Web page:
More than a year ago now, the Food and Drug Administration released its final rule on Produce Safety (formally known as “Standards for the Growing, Harvesting, Packing and Holding of Produce for Human Consumption”). The rule resulted from Congress’ passage of the Food Safety Modernization Act (FSMA) at the end of 2010 and constituted part of a major push to upgrade food safety procedures in the United States. However, a new report from the Government Accountability Office (GAO) calls into question the efficiency and efficacy of the FDA’s attempts to regulate this area.
What is the Produce Safety Rule?
The Produce Safety rule marked the first attempt by the FDA to make regulations covering issues such as the quality of water used in growing crops and the presence of both wild and domesticated animals on farms. The rule established standards for growing, harvesting, and packaging produce meant for human consumption and constituted an ongoing attempt by the FDA to focus on preventing food-borne illness rather than reacting to cases after the fact.
GAO Became Involved With The Farm Bill
Concerns about the high cost of compliance led Congress to pass a provision in the 2014 Farm Bill that required the FDA to address and respond to ongoing concerns by agricultural businesses. As part of that act, the GAO issued a report on Monday November 28, 2016 assessing and auditing the efficacy of the FDA response efforts. (In a nice of example of government bureaucracy, the GAO also had to address the effectiveness of how the FDA plans to address the effectiveness of its response efforts).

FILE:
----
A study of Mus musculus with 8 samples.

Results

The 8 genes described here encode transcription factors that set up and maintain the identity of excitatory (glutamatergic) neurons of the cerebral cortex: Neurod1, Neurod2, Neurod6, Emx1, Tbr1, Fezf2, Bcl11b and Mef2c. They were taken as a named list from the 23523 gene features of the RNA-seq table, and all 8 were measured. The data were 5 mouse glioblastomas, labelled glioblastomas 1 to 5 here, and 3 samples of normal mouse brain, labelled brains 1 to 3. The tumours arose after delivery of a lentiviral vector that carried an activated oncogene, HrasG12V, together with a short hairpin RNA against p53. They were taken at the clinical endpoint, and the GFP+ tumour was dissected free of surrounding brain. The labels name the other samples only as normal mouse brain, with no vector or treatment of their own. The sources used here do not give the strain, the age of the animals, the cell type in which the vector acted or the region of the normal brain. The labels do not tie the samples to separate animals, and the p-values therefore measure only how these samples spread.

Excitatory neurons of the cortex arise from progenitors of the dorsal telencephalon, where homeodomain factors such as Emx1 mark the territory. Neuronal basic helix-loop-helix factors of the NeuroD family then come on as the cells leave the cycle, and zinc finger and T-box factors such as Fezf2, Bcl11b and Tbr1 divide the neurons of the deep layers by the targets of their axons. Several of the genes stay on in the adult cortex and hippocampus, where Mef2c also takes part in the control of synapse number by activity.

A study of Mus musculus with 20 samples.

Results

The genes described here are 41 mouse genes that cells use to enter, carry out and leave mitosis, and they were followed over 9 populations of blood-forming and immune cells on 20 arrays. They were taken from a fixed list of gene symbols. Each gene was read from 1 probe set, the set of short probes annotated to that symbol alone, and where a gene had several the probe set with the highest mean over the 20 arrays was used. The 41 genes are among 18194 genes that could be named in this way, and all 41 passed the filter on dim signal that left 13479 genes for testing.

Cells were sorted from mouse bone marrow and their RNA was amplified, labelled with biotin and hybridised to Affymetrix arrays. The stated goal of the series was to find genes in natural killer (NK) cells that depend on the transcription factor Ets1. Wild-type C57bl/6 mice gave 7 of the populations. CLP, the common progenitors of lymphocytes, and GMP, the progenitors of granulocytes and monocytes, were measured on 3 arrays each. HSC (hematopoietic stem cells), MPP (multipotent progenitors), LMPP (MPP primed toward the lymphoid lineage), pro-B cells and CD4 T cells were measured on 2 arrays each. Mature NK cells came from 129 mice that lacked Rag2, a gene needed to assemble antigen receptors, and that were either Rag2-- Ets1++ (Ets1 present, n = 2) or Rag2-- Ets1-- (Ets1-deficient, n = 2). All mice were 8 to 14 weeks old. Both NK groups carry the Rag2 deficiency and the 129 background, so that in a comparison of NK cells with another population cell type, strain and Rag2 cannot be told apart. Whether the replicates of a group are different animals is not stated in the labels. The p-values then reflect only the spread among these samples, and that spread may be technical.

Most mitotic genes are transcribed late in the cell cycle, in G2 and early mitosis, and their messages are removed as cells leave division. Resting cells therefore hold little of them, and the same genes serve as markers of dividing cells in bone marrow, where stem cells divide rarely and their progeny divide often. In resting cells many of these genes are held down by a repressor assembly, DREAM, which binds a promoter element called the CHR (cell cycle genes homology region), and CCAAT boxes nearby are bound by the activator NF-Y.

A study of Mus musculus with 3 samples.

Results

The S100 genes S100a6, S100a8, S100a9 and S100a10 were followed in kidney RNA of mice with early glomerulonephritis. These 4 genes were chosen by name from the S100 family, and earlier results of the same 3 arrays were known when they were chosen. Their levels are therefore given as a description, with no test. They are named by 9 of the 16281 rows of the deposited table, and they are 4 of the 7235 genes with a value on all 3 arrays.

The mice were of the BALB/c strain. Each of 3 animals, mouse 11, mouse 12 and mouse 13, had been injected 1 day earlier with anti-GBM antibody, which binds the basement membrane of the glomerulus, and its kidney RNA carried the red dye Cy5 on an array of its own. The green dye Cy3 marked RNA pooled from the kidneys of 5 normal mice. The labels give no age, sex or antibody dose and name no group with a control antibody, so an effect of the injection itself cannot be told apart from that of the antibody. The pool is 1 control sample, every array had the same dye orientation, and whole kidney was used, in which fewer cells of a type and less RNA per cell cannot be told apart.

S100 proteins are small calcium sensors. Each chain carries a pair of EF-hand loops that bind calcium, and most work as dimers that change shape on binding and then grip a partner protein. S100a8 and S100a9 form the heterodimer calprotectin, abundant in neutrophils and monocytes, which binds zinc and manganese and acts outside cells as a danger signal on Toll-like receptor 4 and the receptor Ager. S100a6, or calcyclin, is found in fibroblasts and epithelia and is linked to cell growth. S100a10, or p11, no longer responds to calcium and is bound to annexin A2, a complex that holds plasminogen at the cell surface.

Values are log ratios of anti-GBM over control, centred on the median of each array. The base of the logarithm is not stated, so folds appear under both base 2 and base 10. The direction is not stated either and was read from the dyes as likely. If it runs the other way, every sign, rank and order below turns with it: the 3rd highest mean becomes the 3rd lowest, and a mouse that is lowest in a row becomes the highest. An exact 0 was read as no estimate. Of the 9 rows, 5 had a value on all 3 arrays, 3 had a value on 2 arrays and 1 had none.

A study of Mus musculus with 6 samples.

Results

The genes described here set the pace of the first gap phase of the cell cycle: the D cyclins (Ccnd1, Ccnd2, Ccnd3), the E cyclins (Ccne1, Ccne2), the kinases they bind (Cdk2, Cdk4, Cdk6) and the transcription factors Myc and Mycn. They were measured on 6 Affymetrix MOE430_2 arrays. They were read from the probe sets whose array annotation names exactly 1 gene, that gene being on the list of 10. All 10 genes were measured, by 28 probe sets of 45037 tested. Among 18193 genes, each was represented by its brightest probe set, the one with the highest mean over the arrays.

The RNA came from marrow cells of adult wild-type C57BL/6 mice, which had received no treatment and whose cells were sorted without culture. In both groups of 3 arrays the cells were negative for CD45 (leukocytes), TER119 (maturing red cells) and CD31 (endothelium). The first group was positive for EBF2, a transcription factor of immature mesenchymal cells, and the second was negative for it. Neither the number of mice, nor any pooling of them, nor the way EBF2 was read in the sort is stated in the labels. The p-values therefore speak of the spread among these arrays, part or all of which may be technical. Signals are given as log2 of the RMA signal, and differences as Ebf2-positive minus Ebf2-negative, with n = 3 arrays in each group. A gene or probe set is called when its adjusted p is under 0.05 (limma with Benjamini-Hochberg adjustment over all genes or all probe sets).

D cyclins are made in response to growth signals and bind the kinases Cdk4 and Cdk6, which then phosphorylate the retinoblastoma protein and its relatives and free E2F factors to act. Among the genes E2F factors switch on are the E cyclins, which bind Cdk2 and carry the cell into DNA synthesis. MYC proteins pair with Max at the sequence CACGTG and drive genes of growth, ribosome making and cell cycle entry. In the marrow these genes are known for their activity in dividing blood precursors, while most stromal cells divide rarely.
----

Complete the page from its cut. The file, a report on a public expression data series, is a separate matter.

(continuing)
The FDA Leaves Many Questions Unanswered
Solely examining the Produce Safety Rule, the FDA has received over three hundred and fifty questions on the implementation of the new rule and over hundred of those questions remain unanswered. The agency has taken on average over three weeks to respond to questions and has often had to refer questions to subject matter experts. Compounding the problem, the agency continues to develop additional guidance on complicated issues such as agricultural water and therefore has delayed answering questions on those topics.
Food Producers Scrambling To Comply
These issues put producers trying to gear up for meeting new regulatory standards in a difficult position as they prepare to bear the added cost of the new regulatory burden they face. The rule goes into effect for large producers in one year and industry groups are doing what they can to provide necessary guidance for producers trying to be ready to meet the rule’s standards within that timeframe. The FDA has earmarked significant funds for educating producers about the requirements in the new rule and helping them meet those requirements.
Smaller Producers Are Playing Catchup
For many large packagers and transporters of food products, the changes brought by FDA rules seeking to implement FSMA represented actions they had already begun performing themselves. The produce rule, though, represents more of a sea change in how many businesses, especially smaller ones, will operate. People within the food supply chain, including growers, processors, and transporters, need to keep up to date with these new changes to ensure they toe the line.